Economic Policies to Combat COVID-19 in Africa
The COVID-19 pandemic is likely to impose heavy human, financial, economic, and social costs on Africa. But the crisis also creates an opportunity to re-examine the continent’s fiscal and economic-policy priorities, build stronger health and social sectors, and establish a global fund to support productive investment.
WASHINGTON, DC – The coronavirus pandemic could not have come at a worse time for Africa. Despite improved macroeconomic management over the last decade, the continent still lacks the resources to tackle high levels of poverty and inequality, create formal-sector jobs, and foster the structural transformations needed to absorb 12 million young people into the labor market every year. And now COVID-19 threatens to break Africa’s back economically.
Africa’s low average annual growth of 3.3% in 2014-19 was mainly the result of erroneous development strategies that focused on unviable capital-intensive industries (often in commodity sectors), instead of promoting competitive labor-intensive sectors. Insufficient growth has in turn constrained public finances, leading to underfunded health systems, weak governance, rapid increases in public debt, and large infrastructure deficits.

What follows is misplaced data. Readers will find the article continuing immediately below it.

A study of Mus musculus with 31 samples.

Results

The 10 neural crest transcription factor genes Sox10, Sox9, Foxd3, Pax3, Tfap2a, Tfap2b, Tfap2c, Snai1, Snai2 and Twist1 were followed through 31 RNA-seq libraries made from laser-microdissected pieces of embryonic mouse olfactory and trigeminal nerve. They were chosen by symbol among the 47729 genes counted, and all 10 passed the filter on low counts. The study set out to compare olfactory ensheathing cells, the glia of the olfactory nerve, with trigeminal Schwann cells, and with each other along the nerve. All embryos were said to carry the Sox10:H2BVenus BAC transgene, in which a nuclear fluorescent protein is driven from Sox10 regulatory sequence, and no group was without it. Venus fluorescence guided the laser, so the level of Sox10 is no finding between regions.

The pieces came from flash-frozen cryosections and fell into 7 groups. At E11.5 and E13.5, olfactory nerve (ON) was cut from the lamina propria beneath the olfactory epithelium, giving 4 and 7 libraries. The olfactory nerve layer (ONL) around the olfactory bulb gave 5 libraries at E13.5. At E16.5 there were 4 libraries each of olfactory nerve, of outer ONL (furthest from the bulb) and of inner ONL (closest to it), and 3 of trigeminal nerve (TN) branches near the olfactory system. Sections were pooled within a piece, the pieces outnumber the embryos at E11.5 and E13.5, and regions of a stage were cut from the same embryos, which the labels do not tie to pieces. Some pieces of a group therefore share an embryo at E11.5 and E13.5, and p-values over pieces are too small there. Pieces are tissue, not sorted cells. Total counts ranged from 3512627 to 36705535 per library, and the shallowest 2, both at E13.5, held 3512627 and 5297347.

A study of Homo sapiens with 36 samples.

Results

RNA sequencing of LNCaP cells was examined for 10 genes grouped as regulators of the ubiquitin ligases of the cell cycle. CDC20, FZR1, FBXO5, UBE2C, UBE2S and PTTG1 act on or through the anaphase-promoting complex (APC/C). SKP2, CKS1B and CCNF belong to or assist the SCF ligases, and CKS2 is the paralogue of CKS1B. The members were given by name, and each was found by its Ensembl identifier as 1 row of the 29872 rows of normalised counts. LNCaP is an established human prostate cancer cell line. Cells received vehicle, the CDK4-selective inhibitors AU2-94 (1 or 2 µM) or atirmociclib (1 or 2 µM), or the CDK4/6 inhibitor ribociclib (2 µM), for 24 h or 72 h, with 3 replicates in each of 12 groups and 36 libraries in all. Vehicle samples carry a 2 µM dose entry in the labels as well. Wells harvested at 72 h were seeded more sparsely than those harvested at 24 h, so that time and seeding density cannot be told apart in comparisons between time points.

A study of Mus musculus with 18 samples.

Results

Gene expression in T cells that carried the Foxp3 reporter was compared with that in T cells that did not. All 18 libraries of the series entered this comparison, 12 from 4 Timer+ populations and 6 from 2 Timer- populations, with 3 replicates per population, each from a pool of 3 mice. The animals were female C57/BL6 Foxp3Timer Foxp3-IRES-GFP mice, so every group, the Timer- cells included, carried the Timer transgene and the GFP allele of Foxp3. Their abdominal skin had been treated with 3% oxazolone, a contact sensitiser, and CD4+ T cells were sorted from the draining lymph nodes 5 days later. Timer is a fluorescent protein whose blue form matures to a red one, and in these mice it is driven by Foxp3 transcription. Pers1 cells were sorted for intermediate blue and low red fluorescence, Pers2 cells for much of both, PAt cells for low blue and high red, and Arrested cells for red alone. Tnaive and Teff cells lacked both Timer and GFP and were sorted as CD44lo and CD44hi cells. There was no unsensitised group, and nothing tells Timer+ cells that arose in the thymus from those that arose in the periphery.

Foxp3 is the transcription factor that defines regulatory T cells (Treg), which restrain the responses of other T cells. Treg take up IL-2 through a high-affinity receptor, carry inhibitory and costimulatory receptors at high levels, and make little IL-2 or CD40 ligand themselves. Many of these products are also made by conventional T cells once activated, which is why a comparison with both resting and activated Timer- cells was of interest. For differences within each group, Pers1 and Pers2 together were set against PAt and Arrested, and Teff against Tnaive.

Given Africa’s precarious health institutions, and its shortage of doctors, health workers, medicine, and medical supplies, COVID-19 infections are likely to soar, sparking a humanitarian crisis that most likely will go unreported. The virus could spread widely in poorer areas with no water or sewage hook-ups, and in communities where low education levels, prevailing social habits, and skepticism toward government complicate containment efforts. If a cure for COVID-19 is not made widely available soon, the pandemic could devastate Africa.